Strathprints makes available Open Access scholarly outputs by Strathclyde's Department of Design, Manufacture & Engineering Management (DMEM).

Centred on the vision of 'Delivering Total Engineering', DMEM is a centre for excellence in the processes, systems and technologies needed to support and enable engineering from concept to remanufacture. From user-centred design to sustainable design, from manufacturing operations to remanufacturing, from advanced materials research to systems engineering.


Allan, Grant and McGregor, Peter and Swales, Kim (2011) The importance of revenue sharing for the local economic impacts of a renewable energy project : a social accounting matrix approach. Regional Studies, 45 (9). pp. 1171-1186. ISSN 0034-3404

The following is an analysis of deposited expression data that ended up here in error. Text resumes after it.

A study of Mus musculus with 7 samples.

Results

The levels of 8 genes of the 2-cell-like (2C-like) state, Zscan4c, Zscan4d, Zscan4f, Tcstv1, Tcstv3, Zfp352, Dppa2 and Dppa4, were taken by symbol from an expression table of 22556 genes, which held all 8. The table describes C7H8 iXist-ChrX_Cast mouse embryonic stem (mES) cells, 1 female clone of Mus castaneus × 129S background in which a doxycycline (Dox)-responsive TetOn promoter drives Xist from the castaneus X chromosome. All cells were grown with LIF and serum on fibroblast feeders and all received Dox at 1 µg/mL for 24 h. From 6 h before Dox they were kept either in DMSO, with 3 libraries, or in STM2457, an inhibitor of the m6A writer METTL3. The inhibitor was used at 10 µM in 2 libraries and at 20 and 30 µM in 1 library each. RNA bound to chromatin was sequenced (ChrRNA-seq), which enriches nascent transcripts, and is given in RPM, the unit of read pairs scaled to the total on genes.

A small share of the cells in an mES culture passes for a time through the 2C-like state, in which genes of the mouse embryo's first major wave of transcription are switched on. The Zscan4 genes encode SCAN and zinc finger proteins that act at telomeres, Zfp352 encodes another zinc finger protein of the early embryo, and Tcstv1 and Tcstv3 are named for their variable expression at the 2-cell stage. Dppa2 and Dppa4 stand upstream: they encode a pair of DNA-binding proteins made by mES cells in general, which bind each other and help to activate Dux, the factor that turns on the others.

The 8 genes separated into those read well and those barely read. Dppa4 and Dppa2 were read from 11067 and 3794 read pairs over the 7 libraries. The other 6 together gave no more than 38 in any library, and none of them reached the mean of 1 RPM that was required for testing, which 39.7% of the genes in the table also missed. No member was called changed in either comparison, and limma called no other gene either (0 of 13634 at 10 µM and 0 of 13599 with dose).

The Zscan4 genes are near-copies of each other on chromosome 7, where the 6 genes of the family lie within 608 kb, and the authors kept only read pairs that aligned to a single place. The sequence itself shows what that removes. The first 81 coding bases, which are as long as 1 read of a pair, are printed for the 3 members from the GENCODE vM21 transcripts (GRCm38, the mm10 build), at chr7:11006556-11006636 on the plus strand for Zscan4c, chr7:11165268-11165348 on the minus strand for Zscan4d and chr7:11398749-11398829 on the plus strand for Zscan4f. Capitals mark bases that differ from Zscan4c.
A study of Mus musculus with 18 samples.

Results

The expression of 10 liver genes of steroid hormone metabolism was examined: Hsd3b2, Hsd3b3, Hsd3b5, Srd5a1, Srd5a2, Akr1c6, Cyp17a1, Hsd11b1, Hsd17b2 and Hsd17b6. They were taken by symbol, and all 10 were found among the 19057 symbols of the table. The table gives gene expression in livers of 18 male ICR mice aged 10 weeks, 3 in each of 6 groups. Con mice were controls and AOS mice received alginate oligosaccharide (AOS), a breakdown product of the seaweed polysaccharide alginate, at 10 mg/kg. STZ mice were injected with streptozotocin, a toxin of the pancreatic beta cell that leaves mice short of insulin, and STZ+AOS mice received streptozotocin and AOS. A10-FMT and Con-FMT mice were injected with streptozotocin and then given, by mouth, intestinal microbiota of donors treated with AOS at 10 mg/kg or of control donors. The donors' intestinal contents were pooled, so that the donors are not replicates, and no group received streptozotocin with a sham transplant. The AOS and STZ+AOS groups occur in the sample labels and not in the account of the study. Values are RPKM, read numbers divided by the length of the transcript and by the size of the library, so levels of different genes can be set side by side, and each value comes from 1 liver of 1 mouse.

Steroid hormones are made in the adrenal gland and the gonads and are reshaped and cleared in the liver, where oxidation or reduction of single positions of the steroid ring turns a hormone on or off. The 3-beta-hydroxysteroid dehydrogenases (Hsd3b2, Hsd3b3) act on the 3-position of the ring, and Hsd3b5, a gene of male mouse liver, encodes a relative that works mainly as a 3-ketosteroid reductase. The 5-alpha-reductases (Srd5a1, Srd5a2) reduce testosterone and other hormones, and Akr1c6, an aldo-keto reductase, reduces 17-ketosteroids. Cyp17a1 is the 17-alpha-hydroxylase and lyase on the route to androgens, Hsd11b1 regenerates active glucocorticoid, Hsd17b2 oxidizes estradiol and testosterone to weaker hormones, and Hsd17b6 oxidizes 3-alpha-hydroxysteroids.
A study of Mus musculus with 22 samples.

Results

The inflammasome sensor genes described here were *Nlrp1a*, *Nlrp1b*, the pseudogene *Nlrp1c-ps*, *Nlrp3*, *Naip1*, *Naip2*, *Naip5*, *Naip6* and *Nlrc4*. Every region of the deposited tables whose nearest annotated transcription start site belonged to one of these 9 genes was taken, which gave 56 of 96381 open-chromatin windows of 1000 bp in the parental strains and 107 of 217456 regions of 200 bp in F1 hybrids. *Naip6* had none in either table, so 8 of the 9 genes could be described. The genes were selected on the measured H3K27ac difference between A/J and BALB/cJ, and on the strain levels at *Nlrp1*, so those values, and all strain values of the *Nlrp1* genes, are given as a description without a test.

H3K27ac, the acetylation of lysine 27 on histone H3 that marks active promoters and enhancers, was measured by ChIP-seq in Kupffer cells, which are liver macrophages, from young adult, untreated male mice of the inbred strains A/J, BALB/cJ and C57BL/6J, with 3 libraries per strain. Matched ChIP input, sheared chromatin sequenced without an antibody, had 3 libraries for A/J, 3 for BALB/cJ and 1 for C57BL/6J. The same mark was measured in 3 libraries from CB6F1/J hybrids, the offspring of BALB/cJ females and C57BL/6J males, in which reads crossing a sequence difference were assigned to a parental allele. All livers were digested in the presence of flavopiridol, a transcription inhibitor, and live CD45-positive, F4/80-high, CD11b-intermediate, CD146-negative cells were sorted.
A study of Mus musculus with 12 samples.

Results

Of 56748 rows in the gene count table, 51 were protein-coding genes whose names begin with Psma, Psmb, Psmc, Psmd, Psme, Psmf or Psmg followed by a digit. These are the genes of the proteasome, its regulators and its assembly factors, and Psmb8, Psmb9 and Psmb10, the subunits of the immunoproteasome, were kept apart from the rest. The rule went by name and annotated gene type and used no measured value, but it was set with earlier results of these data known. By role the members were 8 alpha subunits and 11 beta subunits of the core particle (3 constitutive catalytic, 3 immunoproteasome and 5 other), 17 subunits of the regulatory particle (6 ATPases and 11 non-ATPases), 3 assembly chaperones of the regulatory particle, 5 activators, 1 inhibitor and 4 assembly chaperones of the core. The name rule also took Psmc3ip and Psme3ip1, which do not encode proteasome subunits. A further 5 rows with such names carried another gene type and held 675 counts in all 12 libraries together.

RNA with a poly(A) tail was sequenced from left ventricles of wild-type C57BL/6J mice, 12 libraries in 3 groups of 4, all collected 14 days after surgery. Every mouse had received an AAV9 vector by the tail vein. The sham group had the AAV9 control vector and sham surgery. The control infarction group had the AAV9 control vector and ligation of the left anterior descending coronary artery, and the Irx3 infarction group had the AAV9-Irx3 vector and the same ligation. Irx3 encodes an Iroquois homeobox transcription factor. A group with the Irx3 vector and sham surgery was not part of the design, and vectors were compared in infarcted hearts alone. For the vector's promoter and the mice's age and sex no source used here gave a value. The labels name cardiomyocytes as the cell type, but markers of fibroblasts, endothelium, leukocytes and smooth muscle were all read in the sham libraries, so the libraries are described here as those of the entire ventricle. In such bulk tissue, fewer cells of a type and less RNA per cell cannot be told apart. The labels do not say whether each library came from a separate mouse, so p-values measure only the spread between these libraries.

The importance of revenue sharing for the local economic impacts of a renewable energy project: a social accounting matrix approach, Regional Studies. Ambitious renewable energy targets are requiring investments in new renewable capacity in areas where acceptance could be affected by the potential economic benefits to the locality. At the same time, new renewable energy projects, primarily for onshore wind capacity, might offer a route by which peripheral economic development policies can be supported. The economic impacts of these projects are difficult to quantify using input–output techniques, but can be more appropriately handled within a social accounting matrix (SAM) framework. A social accounting matrix for the Shetland Islands, off the north coast of mainland Scotland, is used to evaluate the potential local economic and employment impacts of a large proposed onshore wind energy project. Sensitivity analysis reveals the relative importance of the level of ‘community benefit’ payments, ‘local sourcing’ of intermediate inputs and the level of community ownership of the project to the size of these impacts. In the Shetland case, by a substantial margin, local ownership confers the greatest economic impacts for the local community.